It looks like Dassault is making good on its promise to make its 3DLive lightweight 3D collaboration tool play nicely with third-party CAD offerings.
At this week’s SolidWorks World, Dassault announced a new version of 3DLive enhanced to take advantage of multi-CAD product information. The Web-based tool employs a unique, turntable “lazy-susan” style interface, allowing users across all functional areas to easily navigate, search for and share 3D models in an intuitive fashion without being familiar with Boolean search parameters or filling in property sheets and without having to own and work in CAD or PLM systems.
Are they robots or androids? We're not exactly sure. Each talking, gesturing Geminoid looks exactly like a real individual, starting with their creator, professor Hiroshi Ishiguro of Osaka University in Japan.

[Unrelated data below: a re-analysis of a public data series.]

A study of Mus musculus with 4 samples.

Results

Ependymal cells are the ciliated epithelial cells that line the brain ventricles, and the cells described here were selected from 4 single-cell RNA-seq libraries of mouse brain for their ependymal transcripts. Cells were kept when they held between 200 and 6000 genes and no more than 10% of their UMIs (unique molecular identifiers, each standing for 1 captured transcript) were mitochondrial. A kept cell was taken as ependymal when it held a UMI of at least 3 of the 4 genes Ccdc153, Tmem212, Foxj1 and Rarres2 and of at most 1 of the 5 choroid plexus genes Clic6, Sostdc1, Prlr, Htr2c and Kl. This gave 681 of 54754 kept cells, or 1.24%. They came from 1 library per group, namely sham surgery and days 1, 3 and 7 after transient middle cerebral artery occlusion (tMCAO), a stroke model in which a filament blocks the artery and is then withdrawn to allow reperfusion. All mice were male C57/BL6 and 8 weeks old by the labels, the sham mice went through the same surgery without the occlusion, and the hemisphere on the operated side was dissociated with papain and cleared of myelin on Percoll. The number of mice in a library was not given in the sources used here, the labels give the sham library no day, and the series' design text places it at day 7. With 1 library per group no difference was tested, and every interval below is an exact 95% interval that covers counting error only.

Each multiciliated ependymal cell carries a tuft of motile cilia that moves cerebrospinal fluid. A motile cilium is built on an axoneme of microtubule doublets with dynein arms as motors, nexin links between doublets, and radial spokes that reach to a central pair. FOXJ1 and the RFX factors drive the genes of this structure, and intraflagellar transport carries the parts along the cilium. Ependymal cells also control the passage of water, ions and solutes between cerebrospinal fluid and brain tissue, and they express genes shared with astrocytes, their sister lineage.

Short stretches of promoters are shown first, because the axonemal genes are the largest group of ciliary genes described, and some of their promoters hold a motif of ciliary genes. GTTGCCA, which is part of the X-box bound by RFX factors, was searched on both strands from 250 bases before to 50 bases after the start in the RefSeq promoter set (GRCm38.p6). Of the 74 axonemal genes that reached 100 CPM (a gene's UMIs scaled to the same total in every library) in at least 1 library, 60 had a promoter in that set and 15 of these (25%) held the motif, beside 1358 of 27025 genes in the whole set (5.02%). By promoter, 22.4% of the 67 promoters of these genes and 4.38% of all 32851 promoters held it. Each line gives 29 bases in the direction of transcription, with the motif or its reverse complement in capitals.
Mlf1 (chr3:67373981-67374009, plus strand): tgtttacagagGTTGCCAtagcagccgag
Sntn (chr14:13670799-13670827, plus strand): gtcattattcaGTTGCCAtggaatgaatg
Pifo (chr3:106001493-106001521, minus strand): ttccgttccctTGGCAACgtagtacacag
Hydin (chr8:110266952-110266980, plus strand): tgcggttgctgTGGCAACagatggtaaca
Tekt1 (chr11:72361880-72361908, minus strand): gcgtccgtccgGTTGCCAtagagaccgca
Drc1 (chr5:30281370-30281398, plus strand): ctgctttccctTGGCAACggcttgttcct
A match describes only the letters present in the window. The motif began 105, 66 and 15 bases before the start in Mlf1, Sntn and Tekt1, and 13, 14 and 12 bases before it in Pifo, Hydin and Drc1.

For industrial control applications, or even a simple assembly line, that machine can go almost 24/7 without a break. But what happens when the task is a little more complex? That’s where the “smart” machine would come in. The smart machine is one that has some simple (or complex in some cases) processing capability to be able to adapt to changing conditions. Such machines are suited for a host of applications, including automotive, aerospace, defense, medical, computers and electronics, telecommunications, consumer goods, and so on. This discussion will examine what’s possible with smart machines, and what tradeoffs need to be made to implement such a solution.